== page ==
Most EU leaders support funding of union’s post-Brexit shortfall

Upbeat summit talks revolve around Brexit deficit of €7bn, border controls and migrants

President of the European Commission Jean-Claude Juncker:  the budget discussion was “less conflictual” than expected. Photograph: Patrick Seeger

President of the European Commission Jean-Claude Juncker: the budget discussion was “less conflictual” than expected. Photograph: Patrick Seeger


A clear majority of EU leaders have pledged to increase their budget contributions to the union to bridge the post-Brexit deficit arising from the UK’s departure to allow the union to take on a number of new projects.

The debate on the post-2020 seven-year budget at the informal leaders’ meeting saw a remarkably upbeat and positive start to what is always a long and difficult process. Leaders also backed commission calls to expedite the process to enable decisions to be made before European elections next year.

The budget will see an annual deficit of €7 billion arising from Brexit with added pressures arising from new commitments to border controls, migrants, and the expansion of the Erasmus programme.

Leaders did not put figures on the extent of their willingness to increase contributions – a commitment previously made by Taoiseach Leo Varadkar – but the commission has proposed an overall increase of 10-20 per cent.

Commission president Jean-Claude Junker said the budget discussion was “less conflictual” than expected but warned that unless decisions were taken before June 2019, there would be consequences in terms, for example, of the jobs or researchers or the aim of doubling the number of border guards employed by the union.

Among the budget issues raised was that of the contentious “conditionality” in EU funding – the possibility of withholding funds from states like Poland and Hungary which are in serious breach of the rule of law or refusing to share in the burden of relocating refugees.

Withholding money

Council president Donald Tusk expressed surprise to journalists at the widespread support for the idea. That included, he said, the Polish prime minister, who insisted only that the grounds for withholding funding would have to be “objective”, not political.

The leaders sidestepped a confrontation with the European Parliament over the controversial Spitzenkandidaten system for electing the president of the commission. The system, which was used in 2014, is an informal convention allowing the party with most votes in the European elections to nominate its candidate for the post.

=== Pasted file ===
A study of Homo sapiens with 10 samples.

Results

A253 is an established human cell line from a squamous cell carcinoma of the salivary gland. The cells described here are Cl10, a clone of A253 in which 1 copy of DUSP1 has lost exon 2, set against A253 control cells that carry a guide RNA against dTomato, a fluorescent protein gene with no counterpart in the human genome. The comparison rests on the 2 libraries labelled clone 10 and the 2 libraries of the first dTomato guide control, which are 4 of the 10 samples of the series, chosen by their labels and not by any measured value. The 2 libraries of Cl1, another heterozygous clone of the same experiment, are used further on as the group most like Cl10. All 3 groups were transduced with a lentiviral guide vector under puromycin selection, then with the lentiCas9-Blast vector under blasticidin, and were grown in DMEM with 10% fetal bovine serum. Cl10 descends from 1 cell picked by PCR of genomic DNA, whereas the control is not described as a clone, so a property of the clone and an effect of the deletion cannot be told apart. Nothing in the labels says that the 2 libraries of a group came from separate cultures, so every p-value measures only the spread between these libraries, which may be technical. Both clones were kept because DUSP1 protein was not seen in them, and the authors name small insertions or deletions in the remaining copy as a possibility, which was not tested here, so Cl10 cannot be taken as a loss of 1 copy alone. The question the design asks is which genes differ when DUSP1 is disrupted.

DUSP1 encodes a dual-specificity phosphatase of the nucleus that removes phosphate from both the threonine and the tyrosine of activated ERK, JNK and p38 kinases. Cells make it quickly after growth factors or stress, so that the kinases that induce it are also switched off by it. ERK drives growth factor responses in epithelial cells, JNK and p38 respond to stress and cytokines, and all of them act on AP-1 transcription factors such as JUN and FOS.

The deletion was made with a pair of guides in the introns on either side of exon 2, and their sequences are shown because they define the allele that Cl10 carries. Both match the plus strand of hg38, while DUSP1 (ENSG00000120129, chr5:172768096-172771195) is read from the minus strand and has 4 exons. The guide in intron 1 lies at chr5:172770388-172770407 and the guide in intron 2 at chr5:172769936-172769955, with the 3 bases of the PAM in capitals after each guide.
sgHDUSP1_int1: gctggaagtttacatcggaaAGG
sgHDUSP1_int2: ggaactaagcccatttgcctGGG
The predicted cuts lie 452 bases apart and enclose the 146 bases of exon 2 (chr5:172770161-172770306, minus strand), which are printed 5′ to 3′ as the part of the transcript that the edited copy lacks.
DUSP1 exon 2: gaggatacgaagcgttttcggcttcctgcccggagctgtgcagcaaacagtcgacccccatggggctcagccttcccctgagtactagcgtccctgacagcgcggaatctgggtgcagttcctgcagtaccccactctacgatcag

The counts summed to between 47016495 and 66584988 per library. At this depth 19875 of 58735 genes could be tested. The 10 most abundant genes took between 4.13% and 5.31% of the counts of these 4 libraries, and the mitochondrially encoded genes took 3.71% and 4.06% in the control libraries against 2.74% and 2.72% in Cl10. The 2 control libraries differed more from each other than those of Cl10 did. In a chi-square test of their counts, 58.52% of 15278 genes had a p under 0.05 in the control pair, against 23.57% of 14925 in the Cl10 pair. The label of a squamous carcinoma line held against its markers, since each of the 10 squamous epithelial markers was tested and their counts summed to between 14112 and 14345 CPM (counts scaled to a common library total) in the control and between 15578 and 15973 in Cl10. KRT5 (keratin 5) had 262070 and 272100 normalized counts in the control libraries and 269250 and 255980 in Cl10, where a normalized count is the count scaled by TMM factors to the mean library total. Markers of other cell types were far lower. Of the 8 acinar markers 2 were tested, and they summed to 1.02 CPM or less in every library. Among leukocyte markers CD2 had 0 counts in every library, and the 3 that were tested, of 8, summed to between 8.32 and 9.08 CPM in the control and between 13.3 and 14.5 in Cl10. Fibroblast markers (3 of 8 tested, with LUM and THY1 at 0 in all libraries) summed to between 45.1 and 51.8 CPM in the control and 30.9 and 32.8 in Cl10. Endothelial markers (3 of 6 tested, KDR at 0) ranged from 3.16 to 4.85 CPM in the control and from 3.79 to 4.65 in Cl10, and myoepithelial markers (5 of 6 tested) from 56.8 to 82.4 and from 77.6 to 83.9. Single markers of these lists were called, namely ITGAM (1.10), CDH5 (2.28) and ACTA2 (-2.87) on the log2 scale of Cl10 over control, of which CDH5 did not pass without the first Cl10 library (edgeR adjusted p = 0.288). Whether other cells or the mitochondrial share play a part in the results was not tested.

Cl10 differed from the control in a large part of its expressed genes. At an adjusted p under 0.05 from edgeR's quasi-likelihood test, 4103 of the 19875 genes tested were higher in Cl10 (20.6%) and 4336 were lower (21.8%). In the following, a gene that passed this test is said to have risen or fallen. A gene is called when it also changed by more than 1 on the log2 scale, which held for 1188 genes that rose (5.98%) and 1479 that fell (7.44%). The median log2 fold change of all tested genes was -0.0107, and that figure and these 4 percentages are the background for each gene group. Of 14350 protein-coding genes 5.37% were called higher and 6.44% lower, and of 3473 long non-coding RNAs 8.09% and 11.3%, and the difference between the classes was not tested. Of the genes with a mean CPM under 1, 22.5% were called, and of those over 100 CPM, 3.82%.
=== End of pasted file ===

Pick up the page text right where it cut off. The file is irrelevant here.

MEPs have announced that they will refuse to nominate any candidate in next year’s election who is not a product of the process, which they say, somewhat unconvincingly, brings the election closer to the citizen.

But the leaders, who share with parliament the ultimate say, reject what they call the “automatism” of the Spitzenkanditaten system which denies them the choice of who to select.

Hardy annuals

At the summit, they simply insisted on their prerogative while promising to take into account the views of parliament.

Two hardy annuals of EU reform were kicked firmly into touch by the summit – the idea of reducing the size of the commission won no support, while that of merging the functions of the commission president with that of the council president, who has been described as the leaders’ own shop steward, was also seen as a step too far in what some see as a land grab by the commission.

A proposal to elect some MEPs by “transnational” Europe-wide lists, strongly supported by France’s Emmanuel Macron and the Taoiseach, was put back to 2024.

The leaders also expressed their solidarity with Greece and Cyprus over “illegal” attempts by Turkey to curtail their maritime rights. They upheld “the sovereign right” of the Republic of Cyprus to explore and exploit its territorial waters in accordance with international law.